Annual Medicare spending could increase by $2 to $5 billion if Medicare expands coverage for dementia drug lecanemab
The anti-dementia medication lecanemab and its ancillary costs could add $2 billion to $5 billion in annual Medicare spending if the Centers for Medicare and Medicaid Services (CMS) revise their coverage decision. Currently, the medication is covered only for patients who are enrolled in clinical trials.
Lecanemab is currently available as a treatment for mild cognitive impairment and mild dementia under the Food and Drug Administration’s (FDA) accelerated approval program. The FDA is expected to grant lecanemab traditional approval later this year, prompting Medicare to reconsider its coverage restrictions and potentially enabling widespread use. Clinical trials have shown that the drug has modest clinical benefit. Moreover, because of its risk of brain swelling and brain bleeding, also known as amyloid-related imaging abnormalities, or ARIA, the treatment requires frequent monitoring via neurology visits and MRI scans.
The researchers performed a cost analysis using data from the nationally representative 2018 Health and Retirement study (HRS), incorporating both the direct drug costs as well as the indirect ancillary costs for associated health services such as MRIs, neurology visits, and other related care.
Limitations to the study include use of plaque rates derived from population studies rather than from HRS participants’ scans, possible misclassification of some cases of dementia prevalence and stage, and responses from participants with cognitive impairment which may not be reliable, although proxies can respond on their behalf. Also, the researchers did not account for price changes, societal costs, and potential long-term changes in health system capacity or patient demand.
Medicare fee-for-service spending was $37 billion in 2019 for drugs such as lecanemab that are administered in outpatient settings. In addition to higher Medicare spending, lecanemab’s medication and ancillary out-of-pocket costs for patients lacking supplemental coverage could reach $6,600 per year, which is approximately one fifth of the median income of a U.S. Medicare beneficiary. Medicare annual spending on lecanemab’s medication costs alone would place it among the most expensive Part B medications delivered in outpatient facilities.
“These medications have modest clinical benefit and clear risk of brain swelling and bleeding for patients, which in rare cases may be fatal,” said Julia Cave Arbanas, research project manager and one of the paper’s lead authors. “We estimated that lecanemab and its ancillary costs such as MRI scans could add an additional $2- to $5 billion in Medicare spending. These additional costs could strain the Medicare program and its beneficiaries, who may face rising premiums to help Medicare pay for the drug. Additional premium increases are especially concerning because many older Americans rely on a fixed income.”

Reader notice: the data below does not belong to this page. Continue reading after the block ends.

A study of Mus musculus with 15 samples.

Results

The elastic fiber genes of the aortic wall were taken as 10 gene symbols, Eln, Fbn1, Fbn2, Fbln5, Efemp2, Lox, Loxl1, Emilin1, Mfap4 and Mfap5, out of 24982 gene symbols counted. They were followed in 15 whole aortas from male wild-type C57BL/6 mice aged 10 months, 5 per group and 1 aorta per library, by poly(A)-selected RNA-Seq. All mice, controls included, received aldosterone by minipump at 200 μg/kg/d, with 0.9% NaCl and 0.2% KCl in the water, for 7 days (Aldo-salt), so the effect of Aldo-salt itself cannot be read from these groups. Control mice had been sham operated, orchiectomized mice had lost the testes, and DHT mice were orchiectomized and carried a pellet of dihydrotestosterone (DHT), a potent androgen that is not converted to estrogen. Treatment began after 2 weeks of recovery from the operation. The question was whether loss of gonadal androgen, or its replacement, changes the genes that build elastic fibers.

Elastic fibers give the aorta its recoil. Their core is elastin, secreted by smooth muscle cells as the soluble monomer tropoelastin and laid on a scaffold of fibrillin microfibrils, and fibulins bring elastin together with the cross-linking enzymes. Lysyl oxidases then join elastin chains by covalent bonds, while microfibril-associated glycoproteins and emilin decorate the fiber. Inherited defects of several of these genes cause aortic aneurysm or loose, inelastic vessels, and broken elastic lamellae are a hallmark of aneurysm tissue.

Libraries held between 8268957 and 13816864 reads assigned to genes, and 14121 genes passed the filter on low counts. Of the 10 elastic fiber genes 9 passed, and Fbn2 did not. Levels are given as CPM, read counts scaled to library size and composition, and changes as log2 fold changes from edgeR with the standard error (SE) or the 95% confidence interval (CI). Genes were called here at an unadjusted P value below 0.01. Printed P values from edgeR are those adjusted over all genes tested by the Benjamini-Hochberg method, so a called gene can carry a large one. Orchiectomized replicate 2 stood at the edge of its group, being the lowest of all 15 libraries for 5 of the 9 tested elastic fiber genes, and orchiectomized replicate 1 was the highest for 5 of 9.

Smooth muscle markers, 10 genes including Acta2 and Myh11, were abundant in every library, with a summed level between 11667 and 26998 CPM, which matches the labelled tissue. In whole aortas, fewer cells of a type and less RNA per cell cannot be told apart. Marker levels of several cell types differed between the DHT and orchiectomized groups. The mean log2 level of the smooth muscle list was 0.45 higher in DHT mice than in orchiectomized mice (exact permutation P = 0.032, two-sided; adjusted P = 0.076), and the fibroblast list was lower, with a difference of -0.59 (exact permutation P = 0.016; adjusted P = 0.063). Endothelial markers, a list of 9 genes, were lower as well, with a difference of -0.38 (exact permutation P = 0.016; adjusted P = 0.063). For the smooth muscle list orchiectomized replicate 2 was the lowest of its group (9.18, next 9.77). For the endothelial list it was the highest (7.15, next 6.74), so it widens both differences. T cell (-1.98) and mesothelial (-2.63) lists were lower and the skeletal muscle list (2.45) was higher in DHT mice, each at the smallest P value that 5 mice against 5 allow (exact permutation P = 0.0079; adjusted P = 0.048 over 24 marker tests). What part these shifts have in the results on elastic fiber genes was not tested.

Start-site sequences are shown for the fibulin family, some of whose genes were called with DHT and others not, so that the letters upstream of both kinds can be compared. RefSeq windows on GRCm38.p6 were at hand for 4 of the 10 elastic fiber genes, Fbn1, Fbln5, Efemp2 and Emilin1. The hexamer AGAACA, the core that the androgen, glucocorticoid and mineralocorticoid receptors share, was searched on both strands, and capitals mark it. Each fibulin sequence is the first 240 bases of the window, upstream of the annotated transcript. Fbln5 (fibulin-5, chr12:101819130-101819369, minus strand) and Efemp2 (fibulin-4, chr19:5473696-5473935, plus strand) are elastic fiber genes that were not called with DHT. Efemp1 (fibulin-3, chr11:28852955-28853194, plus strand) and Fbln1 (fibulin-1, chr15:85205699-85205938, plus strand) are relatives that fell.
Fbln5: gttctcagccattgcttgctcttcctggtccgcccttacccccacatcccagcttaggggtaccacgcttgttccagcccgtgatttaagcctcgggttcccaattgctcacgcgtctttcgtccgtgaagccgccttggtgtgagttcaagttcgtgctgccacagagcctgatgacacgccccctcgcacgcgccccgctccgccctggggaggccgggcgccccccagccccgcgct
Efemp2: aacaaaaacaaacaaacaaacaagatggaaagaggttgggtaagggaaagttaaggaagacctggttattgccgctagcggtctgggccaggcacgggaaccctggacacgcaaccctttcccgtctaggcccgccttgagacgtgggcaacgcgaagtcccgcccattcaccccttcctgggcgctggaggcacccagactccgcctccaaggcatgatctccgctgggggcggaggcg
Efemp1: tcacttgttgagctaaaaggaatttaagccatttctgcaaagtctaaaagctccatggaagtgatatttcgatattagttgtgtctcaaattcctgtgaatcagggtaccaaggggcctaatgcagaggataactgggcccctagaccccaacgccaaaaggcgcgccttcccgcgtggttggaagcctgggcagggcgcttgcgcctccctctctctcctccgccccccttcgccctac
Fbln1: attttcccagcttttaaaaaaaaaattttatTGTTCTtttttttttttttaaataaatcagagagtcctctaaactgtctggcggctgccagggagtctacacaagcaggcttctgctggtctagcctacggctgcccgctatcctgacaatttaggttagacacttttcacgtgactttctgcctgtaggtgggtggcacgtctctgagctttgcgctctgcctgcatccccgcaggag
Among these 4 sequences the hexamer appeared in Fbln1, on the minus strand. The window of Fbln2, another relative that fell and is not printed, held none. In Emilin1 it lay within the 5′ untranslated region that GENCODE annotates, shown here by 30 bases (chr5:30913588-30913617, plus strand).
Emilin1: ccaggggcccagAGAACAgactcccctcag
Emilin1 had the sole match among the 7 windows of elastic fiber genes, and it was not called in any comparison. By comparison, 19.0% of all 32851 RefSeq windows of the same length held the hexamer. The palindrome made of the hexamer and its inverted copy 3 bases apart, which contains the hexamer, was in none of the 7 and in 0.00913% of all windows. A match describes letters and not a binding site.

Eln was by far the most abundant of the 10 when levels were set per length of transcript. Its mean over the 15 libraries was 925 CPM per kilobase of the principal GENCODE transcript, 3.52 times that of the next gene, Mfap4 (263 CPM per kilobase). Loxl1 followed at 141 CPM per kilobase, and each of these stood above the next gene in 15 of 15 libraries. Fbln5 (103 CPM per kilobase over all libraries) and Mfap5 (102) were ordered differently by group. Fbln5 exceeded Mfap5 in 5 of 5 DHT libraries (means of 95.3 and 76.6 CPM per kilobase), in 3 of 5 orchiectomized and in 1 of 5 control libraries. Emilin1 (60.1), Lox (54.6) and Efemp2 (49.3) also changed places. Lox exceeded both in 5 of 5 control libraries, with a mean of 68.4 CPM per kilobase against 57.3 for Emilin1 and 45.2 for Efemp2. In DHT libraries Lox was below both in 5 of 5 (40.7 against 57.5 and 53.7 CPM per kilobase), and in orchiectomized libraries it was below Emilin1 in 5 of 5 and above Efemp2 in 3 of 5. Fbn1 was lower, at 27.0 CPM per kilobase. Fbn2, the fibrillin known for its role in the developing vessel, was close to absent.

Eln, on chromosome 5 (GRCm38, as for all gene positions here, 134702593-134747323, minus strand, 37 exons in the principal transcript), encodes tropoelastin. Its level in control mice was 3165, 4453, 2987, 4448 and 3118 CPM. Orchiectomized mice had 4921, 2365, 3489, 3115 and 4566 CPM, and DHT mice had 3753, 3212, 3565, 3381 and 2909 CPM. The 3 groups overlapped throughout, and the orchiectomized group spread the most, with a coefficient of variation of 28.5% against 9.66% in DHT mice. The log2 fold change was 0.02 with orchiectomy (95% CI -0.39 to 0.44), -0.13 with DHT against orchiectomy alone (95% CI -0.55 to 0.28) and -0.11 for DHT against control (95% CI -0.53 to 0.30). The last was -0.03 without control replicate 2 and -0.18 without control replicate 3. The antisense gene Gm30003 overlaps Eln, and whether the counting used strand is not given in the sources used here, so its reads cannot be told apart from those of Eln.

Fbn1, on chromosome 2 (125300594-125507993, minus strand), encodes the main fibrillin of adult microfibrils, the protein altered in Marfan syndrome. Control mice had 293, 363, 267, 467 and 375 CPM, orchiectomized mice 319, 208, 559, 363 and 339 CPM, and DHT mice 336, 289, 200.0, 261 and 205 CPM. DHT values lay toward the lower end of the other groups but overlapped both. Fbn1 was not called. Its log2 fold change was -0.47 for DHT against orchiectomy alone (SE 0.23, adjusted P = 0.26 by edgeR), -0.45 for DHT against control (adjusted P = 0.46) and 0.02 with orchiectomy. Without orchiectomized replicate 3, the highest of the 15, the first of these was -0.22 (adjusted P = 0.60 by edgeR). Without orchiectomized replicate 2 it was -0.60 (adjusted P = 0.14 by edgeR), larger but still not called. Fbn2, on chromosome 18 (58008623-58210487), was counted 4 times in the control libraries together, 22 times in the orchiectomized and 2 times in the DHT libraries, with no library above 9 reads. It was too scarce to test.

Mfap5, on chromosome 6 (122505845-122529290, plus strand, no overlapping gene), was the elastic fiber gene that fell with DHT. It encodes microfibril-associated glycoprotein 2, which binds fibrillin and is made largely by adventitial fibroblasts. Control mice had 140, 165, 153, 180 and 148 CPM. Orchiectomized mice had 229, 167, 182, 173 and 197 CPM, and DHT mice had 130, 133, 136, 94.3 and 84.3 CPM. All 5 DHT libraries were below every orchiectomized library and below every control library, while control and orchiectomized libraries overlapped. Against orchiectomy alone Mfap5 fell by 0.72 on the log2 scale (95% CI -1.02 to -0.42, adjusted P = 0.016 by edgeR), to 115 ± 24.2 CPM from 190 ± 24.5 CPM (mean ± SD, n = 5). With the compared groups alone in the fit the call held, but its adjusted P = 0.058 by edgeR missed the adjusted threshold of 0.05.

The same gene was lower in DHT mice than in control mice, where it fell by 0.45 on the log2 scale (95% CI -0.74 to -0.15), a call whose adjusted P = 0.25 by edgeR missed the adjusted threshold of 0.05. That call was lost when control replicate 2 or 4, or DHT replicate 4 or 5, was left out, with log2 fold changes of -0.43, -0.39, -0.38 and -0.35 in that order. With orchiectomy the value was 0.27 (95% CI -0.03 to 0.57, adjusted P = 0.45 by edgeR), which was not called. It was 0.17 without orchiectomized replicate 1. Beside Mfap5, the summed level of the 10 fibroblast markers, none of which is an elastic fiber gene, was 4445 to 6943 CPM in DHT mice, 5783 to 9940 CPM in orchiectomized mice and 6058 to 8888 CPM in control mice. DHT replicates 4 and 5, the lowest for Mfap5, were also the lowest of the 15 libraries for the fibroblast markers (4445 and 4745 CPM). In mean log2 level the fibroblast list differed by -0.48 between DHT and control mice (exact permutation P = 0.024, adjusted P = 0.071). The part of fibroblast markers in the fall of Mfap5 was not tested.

Additional study authors are Cheryl Damberg of RAND Corporation (co-first author); Mei Leng, Nina Harawa, Dr. Catherine Sarkisian, and Dr. John Mafi of UCLA; and Dr. Bruce Landon of Harvard University. Mafi and Sarkisian are also affiliated with RAND and VA Greater Los Angeles Healthcare System Geriatrics Research Education & Clinical Center, respectively.
The study is published in JAMA Internal Medicine
The study was funded by the National Institute on Aging (R01AG070017-01). Mafi was also supported by the National Institute on Aging (K76AG064392-01A1)
Arbanas reported grants from National Institutes of Health National Institute on Aging (NIH/NIA) during the conduct of the study, and grants from NIH/NIA, Arnold Ventures, and The Commonwealth Fund outside the submitted work. Damberg reported grants from NIH during the conduct of the study. Harawa reported grants from NIH/NIA (5R01AG070017) during the conduct of the study. Sarkisian reported grants from NIH/NIA (K24), NIH/National Center for Advancing Translational Sciences (NCATS), and NIH/NIA (R24) during the conduct of the study. Mafi reported grants from NIH/NIA (R01AG070017-01) and NIH/NIA Beeson Emerging Leaders in Aging Research Career Development Award (K76AG064392-01A1) during the conduct of the study, and from Arnold Ventures, Commonwealth Fund, and nonfinancial support from Milliman MedInsight for studying low-value care in Medicare, and provided unpaid consulting to Milliman MedInsight outside the submitted work. Mafi also provided unpaid consulting to the Agency for Healthcare Research and Quality (AHRQ) outside the submitted work. No other disclosures were reported.